Thursday, May 6, 2010

Notes for the Translator

You've got what looks like a great assignment. You'll probably be part of a team. I hope that in this case, the word "Team" isn't what it often is in business: A euphemism for "Hornet's nest." If you're working alone, I hope you get to go back and forth with Big Mak. I don't know his comfort level with speaking English, but he appears to understand it very well. He quotes from many excellent sources, including Barbara Ehrenreich's then ten year-old commentaries about the yuppies' tenuous place in the economy.

I hope you're able to do a good translation. Translations are often marketing. Books can have different tones in different languages. I wonder about Hoe God verdween uit Jorwerd, which I think is best rendered as, "How God Disappeared from Jorwerd." Instead, the English title is watered down to Jorwerd: The Death of the Village in Late Twentieth-Century Europe. The original angry title is now very academic. I think it's fine if the author didn't have a title at the beginning, but if the first one was his title, his point of view has been changed to increase sales.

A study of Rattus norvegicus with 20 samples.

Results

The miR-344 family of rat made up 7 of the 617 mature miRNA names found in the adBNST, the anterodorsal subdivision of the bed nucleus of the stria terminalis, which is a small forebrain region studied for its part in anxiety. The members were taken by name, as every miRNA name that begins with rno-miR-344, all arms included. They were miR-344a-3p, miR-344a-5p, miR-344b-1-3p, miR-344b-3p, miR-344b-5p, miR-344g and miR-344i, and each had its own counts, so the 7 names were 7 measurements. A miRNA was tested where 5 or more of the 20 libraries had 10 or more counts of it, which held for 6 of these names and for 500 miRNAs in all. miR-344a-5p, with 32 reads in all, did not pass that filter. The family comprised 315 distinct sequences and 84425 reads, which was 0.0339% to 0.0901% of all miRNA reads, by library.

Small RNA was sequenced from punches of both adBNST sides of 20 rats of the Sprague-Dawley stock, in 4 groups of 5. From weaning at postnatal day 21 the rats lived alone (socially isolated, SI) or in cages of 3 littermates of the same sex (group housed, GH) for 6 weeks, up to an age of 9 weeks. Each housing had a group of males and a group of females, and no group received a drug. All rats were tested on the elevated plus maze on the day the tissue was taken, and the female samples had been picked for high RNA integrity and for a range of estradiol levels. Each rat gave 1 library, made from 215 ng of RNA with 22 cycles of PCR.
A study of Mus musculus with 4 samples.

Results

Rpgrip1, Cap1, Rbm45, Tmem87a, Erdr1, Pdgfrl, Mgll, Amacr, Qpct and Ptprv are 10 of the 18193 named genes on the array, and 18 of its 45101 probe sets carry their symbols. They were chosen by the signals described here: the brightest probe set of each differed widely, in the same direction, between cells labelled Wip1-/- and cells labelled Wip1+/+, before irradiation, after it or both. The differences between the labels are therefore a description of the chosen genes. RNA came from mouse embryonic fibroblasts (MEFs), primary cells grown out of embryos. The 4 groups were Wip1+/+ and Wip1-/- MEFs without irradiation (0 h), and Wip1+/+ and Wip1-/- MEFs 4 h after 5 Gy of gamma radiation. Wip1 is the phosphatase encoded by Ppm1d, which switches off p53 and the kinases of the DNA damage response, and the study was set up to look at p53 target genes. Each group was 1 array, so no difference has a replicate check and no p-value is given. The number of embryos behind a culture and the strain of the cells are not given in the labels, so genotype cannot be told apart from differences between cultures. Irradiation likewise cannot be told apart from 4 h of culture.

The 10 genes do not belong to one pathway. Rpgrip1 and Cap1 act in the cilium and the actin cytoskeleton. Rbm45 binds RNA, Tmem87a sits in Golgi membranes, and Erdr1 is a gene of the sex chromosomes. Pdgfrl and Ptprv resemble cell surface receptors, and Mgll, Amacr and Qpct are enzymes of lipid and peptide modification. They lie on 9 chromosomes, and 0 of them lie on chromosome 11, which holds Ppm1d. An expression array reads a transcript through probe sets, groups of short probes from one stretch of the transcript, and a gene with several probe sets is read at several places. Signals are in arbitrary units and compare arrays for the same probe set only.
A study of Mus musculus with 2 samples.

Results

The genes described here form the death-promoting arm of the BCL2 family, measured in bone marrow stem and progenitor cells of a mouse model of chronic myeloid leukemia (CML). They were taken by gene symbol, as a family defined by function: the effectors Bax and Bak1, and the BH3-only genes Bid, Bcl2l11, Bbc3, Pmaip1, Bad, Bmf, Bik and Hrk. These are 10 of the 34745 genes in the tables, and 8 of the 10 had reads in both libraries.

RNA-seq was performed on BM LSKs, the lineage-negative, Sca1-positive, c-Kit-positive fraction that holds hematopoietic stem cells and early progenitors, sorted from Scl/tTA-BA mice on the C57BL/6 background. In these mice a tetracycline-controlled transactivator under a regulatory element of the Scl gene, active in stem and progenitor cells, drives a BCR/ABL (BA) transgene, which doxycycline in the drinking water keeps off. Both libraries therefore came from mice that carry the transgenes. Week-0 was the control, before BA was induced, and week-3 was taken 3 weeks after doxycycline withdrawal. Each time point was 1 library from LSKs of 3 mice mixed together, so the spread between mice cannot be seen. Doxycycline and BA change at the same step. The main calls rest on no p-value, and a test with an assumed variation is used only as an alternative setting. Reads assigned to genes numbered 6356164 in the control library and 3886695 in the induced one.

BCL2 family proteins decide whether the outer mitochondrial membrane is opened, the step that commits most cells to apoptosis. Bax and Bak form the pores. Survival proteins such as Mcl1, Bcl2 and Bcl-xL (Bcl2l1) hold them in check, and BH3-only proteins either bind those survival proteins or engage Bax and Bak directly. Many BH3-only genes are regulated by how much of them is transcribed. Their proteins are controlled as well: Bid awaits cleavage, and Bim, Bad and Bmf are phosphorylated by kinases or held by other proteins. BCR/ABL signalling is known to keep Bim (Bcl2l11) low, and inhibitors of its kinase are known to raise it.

For the British edition, it might be ok to leave the everything alone. British audiences are familiar with European politics. They have proximity to the Netherlands, and they should have a fair amount of prior knowledge.

For American audiences, be sure to include maps, timelines, and plenty of footnotes explaining acronyms and other things that are not well known here. I remember searching for something that turned out to be a reference to a brand of cookies. Although it's a serious book, memoirs usually have more pictures. A couple of picture sections would make it more accessible to those thumbing through it in the bookstore. Also, you might have to explain Catrinus Mak's postcard in English. An American audience is likely to assume that the original card was in Dutch and written over with Photoshop.

Finally, you should be part of the book's promotional efforts in the US, even if the author speaks English well. I remember catching Octavio Paz and his translator Eliot Weinberger on tour in 1987. I enjoyed watching their interaction. Both translators and authors have stories to tell, and it would be worthwhile to hear about the process.